Although he has been criticized for being a “right winger,” the preacher and musician Bradlee Dean takes a surprisingly even hand when leveling criticism at both political parties. Conservatives today are not the opposite of the left, he says, but like the left are caving in to a totalitarianism that mirrors the days of Hitler’s rise to power.
In an article titled “Divide and Conquer-The Two-Party System,” Dean explains that “The so-called ‘right’ has been capitulating to anti-American socialists/communists who attempt to force their agendas on the American people.”
Are We Asleep?
In another article, “Are We As Asleep as the Germans of the 1930s?” Dean draws a connection between the rise of Adolf Hitler and today’s too-easy breaking of Constitutional principles, of which he says both Republicans and Democrats are guilty. This theme is developed in Dean’s compelling video, “Time’s Tyrants of the Year.” :
Yes, it’s too easy to fall asleep; and while we may criticize the Germans of the 1920s and 30s, we fail to see things through the eyes of those people living at that time. I once knew some people who lived in a backwoods part of California, who knew a couple who lived at the end of the lane, who lived in Germany in that day. The couple was sympathetic to him, and even to this day didn’t think Hitler was too bad of a guy.
Due in part to these payments, inflation rose until the German Mark was worthless. The bad economy was blamed on the political party that accepted these terms of surrender. And so, the Germans saw as a hero a man who promised to bring the country out of its economic disaster. They were willing to listen to anybody.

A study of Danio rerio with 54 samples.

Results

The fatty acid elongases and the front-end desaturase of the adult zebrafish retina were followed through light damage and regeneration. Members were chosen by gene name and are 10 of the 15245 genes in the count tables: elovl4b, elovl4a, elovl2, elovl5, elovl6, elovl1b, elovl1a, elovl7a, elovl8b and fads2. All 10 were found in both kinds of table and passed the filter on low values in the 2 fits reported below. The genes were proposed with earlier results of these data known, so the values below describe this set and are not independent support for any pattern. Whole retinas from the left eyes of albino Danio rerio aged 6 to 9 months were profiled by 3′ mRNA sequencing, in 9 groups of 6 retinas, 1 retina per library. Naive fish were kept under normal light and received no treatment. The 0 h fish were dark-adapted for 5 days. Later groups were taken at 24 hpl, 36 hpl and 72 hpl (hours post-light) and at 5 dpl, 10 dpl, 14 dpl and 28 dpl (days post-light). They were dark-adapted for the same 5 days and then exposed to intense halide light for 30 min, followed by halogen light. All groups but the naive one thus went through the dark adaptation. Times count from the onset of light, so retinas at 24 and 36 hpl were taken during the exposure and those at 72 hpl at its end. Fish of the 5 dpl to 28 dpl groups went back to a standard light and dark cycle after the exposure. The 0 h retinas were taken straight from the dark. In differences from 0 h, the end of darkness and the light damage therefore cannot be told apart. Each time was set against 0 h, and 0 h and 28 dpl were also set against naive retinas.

War Hero’s Recovery
Decorated with the Iron Cross award for bravery in World War I, Adolf Hitler proposed a plan to end the unemployment and hyperinflation plaguing Germany. While the country was at its weakest, this leader easily rose to power on the promise of prosperity and political change. He was appointed chancellor of Germany in 1933 and became head of state in 1934.
Unemployment, which was six million in 1932, was reduced to one million in just four years under Hitler. Despite anti-Jewish sentiment in his platform and arrests of “enemies of the state,” Hitler gained popularity, overseeing infrastructure campaigns that led to new railroads, autobahns, and other civil projects.
Conquest of Austria
In 1938, Hitler and his troops entered his native country of Austria and was greeted by cheering and celebration. Three days later, Hitler made a triumphal speech in Vienna’s Heldenplatz, or Square of Heroes, to 200,000 German-Austrians. This marked the Anschluss, the critical annexation of Austria into Germany, which was overwhelmingly favored by the Austrian people. Less than a week later, 70,000 communists, Jews, and dissenters were arrested and sent to concentration camps.